My seasonal mistake

It is August and finally hot, for a couple of days in a row. At this time in the summer season I must correct myself on the black and white reasoning in my garden. There is now an abundance of colors and fragrances and many insects are attracted by it. My architectural garden teems with life as if all the small creatures in the world mock my formal principles. The sun is fierce in light and all the subtleties in shades of green disappear, only lipstick colors endure. “So that is what happens when plants claim their right to attract lovers”. I admit to myself my seasonal mistake. A garden is only partly for humans. At night, when from home, when too hot to be outside, when growth comes in colors and when ripening happens, a garden seems to have a will of its own. Then ‘my plan’ turns into a biotope that acts without a general composition. All the individual plants respond to their circumstances by the inevitable progressive stages of sap circulation and photosynthetic digestion. In that seasonal period, if I would still dictate my will for black and white clearness, the cooperation between me and the plants would disrupt in fatal casualties.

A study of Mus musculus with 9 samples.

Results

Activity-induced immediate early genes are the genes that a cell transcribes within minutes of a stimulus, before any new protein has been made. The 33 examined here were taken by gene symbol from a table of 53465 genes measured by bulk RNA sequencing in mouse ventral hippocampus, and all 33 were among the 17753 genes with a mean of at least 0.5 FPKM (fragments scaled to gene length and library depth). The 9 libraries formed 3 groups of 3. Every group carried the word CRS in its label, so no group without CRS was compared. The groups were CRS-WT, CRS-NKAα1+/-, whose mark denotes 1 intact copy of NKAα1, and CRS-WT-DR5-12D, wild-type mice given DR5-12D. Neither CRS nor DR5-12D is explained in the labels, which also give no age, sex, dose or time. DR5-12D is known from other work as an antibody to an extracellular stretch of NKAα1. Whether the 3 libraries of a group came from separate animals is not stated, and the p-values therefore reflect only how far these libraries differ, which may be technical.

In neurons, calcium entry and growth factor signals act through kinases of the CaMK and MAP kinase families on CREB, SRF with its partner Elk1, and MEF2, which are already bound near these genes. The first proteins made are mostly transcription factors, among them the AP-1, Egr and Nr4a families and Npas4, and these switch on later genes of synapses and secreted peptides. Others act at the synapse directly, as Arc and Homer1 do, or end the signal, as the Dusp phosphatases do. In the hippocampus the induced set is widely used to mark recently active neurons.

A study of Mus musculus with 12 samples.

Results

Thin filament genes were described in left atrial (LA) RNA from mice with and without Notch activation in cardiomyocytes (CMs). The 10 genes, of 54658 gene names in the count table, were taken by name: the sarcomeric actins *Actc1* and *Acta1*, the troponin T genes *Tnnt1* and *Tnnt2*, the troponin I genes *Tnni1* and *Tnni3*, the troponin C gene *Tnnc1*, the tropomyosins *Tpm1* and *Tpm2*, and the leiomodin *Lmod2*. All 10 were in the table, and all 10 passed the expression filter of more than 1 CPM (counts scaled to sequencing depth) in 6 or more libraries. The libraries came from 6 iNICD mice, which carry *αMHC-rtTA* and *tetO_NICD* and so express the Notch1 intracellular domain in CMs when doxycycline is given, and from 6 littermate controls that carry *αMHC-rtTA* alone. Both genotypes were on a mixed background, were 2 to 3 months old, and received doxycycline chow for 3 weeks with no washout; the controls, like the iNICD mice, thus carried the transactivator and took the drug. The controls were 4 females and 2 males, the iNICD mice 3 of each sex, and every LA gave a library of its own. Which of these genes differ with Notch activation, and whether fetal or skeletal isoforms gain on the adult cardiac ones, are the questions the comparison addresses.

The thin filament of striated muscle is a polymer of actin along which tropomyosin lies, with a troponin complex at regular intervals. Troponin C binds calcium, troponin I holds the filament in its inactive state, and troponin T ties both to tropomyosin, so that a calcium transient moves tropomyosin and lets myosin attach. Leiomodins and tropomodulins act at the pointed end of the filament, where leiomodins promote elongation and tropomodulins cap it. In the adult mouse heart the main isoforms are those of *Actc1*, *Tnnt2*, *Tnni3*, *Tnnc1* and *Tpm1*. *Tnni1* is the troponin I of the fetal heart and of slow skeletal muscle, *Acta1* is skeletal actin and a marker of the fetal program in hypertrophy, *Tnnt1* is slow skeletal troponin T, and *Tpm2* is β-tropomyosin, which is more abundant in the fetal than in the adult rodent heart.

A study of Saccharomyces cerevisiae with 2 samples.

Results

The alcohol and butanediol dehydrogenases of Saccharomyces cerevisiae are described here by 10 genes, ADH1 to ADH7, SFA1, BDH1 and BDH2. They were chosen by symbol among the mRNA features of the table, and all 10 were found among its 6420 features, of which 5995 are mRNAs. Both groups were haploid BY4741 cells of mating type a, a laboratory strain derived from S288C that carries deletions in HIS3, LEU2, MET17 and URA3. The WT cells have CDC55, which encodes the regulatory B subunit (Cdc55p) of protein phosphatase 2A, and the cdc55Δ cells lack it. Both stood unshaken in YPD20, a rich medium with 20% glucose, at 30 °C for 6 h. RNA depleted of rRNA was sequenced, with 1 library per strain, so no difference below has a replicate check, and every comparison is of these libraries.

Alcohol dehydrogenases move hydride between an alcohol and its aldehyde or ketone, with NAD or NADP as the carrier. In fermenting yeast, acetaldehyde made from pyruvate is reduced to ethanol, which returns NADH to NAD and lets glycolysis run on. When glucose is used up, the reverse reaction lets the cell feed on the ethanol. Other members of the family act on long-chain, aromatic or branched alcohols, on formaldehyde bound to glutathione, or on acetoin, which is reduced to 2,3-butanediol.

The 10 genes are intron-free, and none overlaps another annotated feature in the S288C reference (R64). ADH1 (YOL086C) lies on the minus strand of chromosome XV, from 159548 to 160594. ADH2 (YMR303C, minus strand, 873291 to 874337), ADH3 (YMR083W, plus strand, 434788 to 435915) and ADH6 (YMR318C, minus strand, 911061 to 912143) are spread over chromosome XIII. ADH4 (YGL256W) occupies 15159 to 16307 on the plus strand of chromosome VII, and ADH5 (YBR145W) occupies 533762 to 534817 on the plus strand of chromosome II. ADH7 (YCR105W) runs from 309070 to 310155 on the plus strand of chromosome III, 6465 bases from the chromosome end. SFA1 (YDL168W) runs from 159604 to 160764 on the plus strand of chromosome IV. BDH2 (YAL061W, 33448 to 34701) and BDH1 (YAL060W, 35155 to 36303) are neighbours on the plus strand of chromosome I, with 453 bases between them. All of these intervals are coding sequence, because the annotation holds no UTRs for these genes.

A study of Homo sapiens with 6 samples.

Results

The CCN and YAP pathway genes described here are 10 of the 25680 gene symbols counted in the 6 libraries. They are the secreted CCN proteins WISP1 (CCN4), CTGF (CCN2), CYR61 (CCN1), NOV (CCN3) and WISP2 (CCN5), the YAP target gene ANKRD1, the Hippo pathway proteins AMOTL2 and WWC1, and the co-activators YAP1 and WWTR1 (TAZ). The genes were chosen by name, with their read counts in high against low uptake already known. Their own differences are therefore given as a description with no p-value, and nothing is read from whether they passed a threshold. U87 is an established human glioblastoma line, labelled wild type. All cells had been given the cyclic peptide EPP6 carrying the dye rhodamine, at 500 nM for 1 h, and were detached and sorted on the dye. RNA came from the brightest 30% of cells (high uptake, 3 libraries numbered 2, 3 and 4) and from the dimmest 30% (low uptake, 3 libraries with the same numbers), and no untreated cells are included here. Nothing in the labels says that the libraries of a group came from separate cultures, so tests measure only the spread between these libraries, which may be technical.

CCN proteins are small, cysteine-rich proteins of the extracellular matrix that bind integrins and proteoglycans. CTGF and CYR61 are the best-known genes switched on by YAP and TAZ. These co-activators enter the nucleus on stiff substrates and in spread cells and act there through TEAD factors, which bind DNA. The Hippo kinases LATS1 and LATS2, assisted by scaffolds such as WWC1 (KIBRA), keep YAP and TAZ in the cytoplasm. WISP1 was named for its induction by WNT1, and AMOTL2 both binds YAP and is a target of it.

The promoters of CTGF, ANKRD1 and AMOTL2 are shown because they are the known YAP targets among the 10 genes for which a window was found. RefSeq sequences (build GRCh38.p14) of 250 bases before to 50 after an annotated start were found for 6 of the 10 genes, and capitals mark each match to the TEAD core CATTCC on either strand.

From the perspective of the insects, the perspective on gardening changes even more drastically. I will leave that for another time.

One thought on “My seasonal mistake

  1. It seems, my dear Paul, you’re a real architect. But architect’s have to abide the laws of nature too, even when their plan is “black and whtie”. If it’d be “big and small” or even “natural and human” nature would be in charge. At last.

    Keep gardening. And writing.


Paul Roncken is Assistent Professor Landscape Architecture at Wageningen University and Independent Advisor on Spatial Quality for the province of Utrecht (the Netherlands). His research focuses on integral design of productive landscapes with special attention to the experience of meaning and landscape aesthetics.